I honestly never heard of it until I started trying different types of brew and as odd as it may have seemed at first to try a coffee substitute from a flowery plant, I decided to give it a shot. In fact I recall seeing this can all the times in my Amazon recommend feed but never give it a shot.
Five bucks for roughly a pound of it aint too shabby. I gave this brand a try: Cafe Du Monde Coffee Chicory.
Now that I am a coffee snob, I am trying all sorts of things and if you like dark roast like I do then this is something worth tasting.
What is Chicory?
Chicory is a plant species, Chicorium Intybus, subspecies Sativum.
It is grown in many parts of the world including the U.S and is grown and harvested much like sugar beets. The largest producers currently are France and South Africa. With its popularity and price much lower than Arabica coffee beans you will being to see more countries farming this plant in the future.
Chicory is the roasted and ground root of the Chicorium Intybus plant and adds a dominate roast taste to your coffee which is stronger than just the coffee grounds by itself.
This is a distinctive taste and many coffee lovers that are trying it for the first time are enjoying the bold flavors it possess.
Chicory will darken the coffee and make it somewhat bitter while still adding a good dark roast flavor.
Think of it as the perfect, strong roasted, nutty flavor, caffeine-free, coffee substitute.
Wiki: Common chicory is a somewhat woody, perennial herbaceous plant of the daisy family Asteraceae, usually with bright blue flowers, rarely white or pink. Many varieties are cultivated for salad leaves, chicons, or roots, which are baked, ground, and used as a coffee substitute and food additive.
How to Prepare Chicory Coffee
Chicory coffee comes from roots which requires a much longer roasting and grinding process than that of your typical Arabica beans.
Brewing methods are vast however many prefer to use a drip method or even a French Press.
Ratio: For every 2/3 cup of ground coffee, use 1/3 cup chicory.
- Mince the roots into equal particles with a knife. The roots are sturdy, so you’ll need a sharp knife, especially since the pieces shouldn’t be longer than 1 inch. If you don’t cut them in the same size, there’s a chance that they will not roast evenly.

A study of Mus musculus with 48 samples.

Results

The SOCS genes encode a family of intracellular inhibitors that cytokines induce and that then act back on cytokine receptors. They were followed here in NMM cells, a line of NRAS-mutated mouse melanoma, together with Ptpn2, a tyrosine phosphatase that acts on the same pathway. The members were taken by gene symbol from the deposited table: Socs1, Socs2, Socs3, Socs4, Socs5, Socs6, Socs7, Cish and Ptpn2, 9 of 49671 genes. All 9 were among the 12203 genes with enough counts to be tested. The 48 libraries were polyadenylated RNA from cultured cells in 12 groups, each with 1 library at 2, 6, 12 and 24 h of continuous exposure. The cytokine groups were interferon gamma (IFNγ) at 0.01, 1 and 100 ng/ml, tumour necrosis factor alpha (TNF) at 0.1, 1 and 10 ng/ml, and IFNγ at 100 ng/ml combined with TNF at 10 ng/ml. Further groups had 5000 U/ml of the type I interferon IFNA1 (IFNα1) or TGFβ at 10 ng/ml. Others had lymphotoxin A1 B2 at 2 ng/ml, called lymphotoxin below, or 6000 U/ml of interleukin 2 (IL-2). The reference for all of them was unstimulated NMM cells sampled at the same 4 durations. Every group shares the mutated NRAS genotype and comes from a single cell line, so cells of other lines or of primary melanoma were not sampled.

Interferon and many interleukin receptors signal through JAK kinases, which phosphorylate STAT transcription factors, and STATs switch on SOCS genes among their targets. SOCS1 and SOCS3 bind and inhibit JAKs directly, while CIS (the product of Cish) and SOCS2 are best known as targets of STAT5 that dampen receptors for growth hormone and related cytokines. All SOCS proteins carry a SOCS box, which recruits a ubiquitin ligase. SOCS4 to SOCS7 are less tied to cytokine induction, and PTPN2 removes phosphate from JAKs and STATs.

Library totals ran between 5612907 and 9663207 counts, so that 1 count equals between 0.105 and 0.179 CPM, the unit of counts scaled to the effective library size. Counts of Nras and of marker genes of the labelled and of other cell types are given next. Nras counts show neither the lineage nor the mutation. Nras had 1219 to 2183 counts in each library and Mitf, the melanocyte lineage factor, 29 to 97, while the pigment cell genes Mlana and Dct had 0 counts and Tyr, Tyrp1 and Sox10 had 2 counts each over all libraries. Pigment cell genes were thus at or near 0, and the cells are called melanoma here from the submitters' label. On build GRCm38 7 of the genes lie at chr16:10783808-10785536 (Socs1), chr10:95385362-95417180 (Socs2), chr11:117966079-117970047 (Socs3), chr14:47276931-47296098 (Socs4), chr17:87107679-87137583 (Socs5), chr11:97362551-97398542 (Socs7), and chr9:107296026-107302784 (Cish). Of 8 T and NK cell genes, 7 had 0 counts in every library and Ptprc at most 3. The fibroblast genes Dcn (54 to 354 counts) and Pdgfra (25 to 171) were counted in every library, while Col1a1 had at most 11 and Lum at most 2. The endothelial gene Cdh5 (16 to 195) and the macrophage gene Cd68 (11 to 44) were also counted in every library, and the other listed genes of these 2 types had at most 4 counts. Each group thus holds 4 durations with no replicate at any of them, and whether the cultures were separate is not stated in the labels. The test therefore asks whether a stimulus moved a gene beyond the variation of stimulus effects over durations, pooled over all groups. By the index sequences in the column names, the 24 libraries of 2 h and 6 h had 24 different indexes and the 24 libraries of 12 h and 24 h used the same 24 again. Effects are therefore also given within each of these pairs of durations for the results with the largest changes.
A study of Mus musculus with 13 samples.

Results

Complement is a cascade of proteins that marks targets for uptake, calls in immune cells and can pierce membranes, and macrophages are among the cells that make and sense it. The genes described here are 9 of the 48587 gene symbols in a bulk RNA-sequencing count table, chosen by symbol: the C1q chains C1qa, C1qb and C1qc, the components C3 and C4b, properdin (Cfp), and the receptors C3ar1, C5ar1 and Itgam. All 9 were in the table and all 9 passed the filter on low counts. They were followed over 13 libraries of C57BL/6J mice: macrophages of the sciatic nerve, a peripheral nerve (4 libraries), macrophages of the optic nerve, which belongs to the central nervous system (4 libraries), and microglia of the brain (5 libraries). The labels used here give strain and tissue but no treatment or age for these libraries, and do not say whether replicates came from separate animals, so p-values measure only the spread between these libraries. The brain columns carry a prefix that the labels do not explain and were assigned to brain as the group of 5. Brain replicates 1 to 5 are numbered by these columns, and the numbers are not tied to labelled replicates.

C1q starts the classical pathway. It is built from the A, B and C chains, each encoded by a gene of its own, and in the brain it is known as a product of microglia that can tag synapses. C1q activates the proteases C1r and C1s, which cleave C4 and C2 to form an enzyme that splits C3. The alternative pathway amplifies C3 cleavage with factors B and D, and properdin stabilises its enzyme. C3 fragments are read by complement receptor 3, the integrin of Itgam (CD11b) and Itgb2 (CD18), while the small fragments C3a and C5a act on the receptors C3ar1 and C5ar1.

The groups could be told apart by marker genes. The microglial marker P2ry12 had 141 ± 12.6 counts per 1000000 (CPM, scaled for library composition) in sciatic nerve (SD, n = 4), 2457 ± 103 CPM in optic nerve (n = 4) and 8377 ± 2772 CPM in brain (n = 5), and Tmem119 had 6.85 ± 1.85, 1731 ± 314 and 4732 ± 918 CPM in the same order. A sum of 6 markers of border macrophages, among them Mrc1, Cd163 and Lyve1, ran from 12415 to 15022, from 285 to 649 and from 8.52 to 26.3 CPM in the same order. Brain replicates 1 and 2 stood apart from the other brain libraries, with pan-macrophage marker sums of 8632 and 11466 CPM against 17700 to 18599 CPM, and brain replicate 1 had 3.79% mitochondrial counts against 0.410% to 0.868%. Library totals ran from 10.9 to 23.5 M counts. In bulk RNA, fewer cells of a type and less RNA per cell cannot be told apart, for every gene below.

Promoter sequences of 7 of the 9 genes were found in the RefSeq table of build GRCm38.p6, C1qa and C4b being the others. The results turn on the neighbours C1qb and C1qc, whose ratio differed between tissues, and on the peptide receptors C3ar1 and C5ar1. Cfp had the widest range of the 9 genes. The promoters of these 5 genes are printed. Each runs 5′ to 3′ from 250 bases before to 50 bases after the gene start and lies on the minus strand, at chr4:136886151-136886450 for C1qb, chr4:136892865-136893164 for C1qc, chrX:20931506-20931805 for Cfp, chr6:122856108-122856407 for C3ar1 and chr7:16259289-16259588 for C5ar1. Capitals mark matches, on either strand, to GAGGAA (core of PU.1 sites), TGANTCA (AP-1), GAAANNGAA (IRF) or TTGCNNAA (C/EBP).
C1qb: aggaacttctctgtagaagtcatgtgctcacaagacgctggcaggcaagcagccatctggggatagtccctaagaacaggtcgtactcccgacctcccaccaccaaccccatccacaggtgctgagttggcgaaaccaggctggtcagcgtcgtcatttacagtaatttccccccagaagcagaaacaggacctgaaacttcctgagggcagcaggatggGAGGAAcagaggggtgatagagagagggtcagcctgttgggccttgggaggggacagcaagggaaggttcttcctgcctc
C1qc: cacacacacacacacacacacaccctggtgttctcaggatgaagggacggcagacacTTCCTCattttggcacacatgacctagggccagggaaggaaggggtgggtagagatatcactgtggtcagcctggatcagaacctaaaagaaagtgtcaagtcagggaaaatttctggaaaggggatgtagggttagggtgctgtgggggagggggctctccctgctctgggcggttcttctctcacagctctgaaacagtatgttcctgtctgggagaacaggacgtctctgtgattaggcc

- Roast the chicory pieces. Arrange them on a shallow baking pan or a baking sheet and place them into the oven. Toast them at 350 degrees until their color changes to golden brown. If you can sense a coffee-like smell, this means they are finished.
- Grind the roots. Place the roasted chicory roots into your burr grinder and grind them with the same coarseness as you grind your coffee beans. Ideally, it should be a fine grind if you’ll brew them in an espresso machine or a coarser grind if you have a French press, etc.
- Mix chicory with ground coffee. The ratio is up to you. If you want the taste of coffee without the caffeine stimulation, you can try with a 4:1 ratio of chicory to coffee. Sometimes a 2:3 chicory-to-coffee blend of is good if you want to gradually reduce your caffeine intake. If you want to spread out your coffee supply over a longer period, adding four-fifths of chicory would be enough. Alternatively, you don’t have to add coffee at all for a true chicory coffee.
- Grind the roots. Place the roasted chicory roots into your burr grinder and grind them wit.
- Brew your coffee. Use the chicory and coffee powder mix to make the coffee as you regularly would. All the other factors such as time or technique should be the same.
- Add some foamed milk, toppings, or flavorings to enhance the aroma and serve your chicory root coffee.
There’s not much difference between chicory coffee and regular caffience free coffee. So it you want to try adding milk or sweetners like you would your normal brew, give it a try.
This may be an acquired taste but if you try it and like it, then it might be something to add to your regular routine.
Chicory root is a good source of fiber, which may help improve several aspects of your digestive health.